If you're wondering what you can plant in the fall, the answer is almost anything.
Spring may be special, but fall is ideal for planting trees, shrubs, perennials, turf grass, spring-blooming bulbs and cool-season vegetables.
Fall has distinct planting benefits. Autumn's cooler air temperatures are easier on both plants and gardeners. The soil is still warm, allowing roots to grow until the ground freezes. In spring, plants don't grow until the soil warms up.
Fall has more good days for planting than spring does, when rain and other unpredictable weather can make working the soil impossible. And there's a lot more free time for gardening in autumn than in frantic spring.
Fall showers are generally plentiful, but it's easy to deeply water plants if it doesn't rain at least an inch per week. Pests and disease problems fade away in the fall. You don't need fertilizer, either. Fertilizer promotes new, tender growth that can be nipped by winter weather; stop fertilizing by late summer.
It's fine to plant perennials in the fall, especially specimens with large root systems. Fall is a good time to divide and replant your hostas. Peonies should be planted or transplanted in the fall. Avoid planting them too deep -- no more than 2 inches above the bud on the root -- or they won't bloom.
Late summer and early fall is a good times to plant and transplant irises too. Chrysanthemums come into full glory by late summer and early fall, but it's not the ideal time to plant them. Garden mums do best when planted in spring so they get fully established before winter. Sadly, the big, beautiful pots of florist mums you can buy already in bloom at a garden center won't survive the winter if you plant them now. Any fall-planted perennials should be carefully watered until the ground freezes to keep their roots healthy and strong. Don't overwater, but make sure the plants get at least 1 inch of water one time per week.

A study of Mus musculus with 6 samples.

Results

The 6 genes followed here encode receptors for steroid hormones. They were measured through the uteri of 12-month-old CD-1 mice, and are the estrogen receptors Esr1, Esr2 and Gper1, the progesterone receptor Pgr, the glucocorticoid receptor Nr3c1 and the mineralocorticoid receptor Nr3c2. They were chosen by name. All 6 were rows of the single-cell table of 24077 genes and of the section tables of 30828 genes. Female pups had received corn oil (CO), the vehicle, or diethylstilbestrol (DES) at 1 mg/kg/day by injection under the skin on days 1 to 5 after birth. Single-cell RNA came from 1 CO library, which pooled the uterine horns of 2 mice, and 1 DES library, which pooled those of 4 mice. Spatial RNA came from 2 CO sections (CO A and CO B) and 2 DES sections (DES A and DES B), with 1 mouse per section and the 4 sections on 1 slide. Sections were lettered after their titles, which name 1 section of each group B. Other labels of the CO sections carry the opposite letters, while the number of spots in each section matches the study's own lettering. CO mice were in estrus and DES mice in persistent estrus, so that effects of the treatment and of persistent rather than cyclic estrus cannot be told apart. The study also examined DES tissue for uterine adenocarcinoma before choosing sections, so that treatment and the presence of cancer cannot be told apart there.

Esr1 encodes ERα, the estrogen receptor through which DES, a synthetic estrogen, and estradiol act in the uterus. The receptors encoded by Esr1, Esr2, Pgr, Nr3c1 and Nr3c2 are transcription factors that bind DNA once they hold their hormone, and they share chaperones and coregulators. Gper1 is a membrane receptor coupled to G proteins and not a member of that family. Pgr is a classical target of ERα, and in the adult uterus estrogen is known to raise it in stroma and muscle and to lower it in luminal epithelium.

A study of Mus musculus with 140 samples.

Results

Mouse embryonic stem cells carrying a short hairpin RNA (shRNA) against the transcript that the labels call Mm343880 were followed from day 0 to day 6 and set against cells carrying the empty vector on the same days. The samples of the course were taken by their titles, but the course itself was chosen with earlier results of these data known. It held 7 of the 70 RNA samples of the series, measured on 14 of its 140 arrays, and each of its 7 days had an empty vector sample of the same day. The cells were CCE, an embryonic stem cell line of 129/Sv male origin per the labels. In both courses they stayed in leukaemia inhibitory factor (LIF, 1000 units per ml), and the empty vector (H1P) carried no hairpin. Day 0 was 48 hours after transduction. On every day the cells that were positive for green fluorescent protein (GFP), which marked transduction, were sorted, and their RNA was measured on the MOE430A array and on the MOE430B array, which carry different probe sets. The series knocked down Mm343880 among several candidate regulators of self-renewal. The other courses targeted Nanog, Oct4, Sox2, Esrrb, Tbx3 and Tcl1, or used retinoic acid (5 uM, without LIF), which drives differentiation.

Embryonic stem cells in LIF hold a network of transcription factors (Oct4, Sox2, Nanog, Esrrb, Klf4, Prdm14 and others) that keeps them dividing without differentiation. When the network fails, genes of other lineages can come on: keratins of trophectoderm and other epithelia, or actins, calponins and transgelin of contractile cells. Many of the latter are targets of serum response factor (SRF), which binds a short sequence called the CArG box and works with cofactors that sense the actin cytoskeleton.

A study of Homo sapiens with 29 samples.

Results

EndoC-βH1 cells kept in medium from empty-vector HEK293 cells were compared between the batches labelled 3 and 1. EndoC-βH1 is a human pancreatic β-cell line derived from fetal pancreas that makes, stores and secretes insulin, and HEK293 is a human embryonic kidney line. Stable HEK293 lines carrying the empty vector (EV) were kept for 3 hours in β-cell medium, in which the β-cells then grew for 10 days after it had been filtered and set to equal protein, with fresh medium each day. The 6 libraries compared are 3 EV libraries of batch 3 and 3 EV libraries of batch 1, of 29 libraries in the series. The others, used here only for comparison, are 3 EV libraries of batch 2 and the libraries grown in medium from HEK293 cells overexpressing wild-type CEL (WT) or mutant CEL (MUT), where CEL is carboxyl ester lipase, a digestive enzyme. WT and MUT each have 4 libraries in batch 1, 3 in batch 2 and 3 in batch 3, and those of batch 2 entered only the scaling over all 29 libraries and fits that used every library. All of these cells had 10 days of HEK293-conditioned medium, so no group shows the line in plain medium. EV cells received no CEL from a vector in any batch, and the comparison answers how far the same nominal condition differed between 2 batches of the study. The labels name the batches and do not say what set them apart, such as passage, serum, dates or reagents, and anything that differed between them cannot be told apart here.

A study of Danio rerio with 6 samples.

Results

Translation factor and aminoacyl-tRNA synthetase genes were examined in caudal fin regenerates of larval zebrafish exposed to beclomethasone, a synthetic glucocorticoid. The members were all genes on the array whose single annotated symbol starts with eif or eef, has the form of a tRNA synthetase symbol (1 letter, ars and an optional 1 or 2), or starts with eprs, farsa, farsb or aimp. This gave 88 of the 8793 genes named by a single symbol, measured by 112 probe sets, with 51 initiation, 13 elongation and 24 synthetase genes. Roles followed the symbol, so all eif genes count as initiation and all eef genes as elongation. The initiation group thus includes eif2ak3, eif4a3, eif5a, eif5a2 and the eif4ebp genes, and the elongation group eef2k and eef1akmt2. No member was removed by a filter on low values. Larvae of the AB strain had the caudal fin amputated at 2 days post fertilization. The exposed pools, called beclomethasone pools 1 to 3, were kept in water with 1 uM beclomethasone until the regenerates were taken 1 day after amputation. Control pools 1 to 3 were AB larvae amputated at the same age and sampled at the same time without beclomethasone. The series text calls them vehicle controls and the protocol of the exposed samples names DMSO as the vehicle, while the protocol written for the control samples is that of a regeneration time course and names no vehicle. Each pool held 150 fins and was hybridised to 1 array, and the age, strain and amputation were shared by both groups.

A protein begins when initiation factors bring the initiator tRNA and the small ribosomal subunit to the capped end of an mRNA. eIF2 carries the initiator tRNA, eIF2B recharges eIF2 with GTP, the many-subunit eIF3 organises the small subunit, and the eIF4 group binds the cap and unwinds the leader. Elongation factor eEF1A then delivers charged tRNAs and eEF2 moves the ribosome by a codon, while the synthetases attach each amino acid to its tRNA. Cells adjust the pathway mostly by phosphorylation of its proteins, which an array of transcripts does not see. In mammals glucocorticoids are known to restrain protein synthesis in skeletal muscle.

Fall is the best time to establish new turf grass and to do most of your lawn chores. Click here to learn more about establishing your lawn.
Cool-season grasses such as bluegrass, fescue, and ryegrass should be fertilized in early September and again in late October or early November to give a boost for earlier spring green-up.
Many vegetables thrive in cool weather, including broccoli, Brussels sprouts, carrots, cabbage, kale, kohlrabi, lettuce, radishes, rutabaga, spinach, and Swiss chard.
Many fall-harvested crops should be planted in early August to give them enough time to mature. Always consult the seed packet to see how many days it takes until maturity, and count backward from your frost date to allow enough time. Lettuce, spinach, and other greens with a short maturity time can be planted later in the season. Extend the growing season by planting them under floating row covers or cold frames that will shield plants from frost but still allow light, air, and water to penetrate.
Many root crops taste sweeter when they're harvested after frost.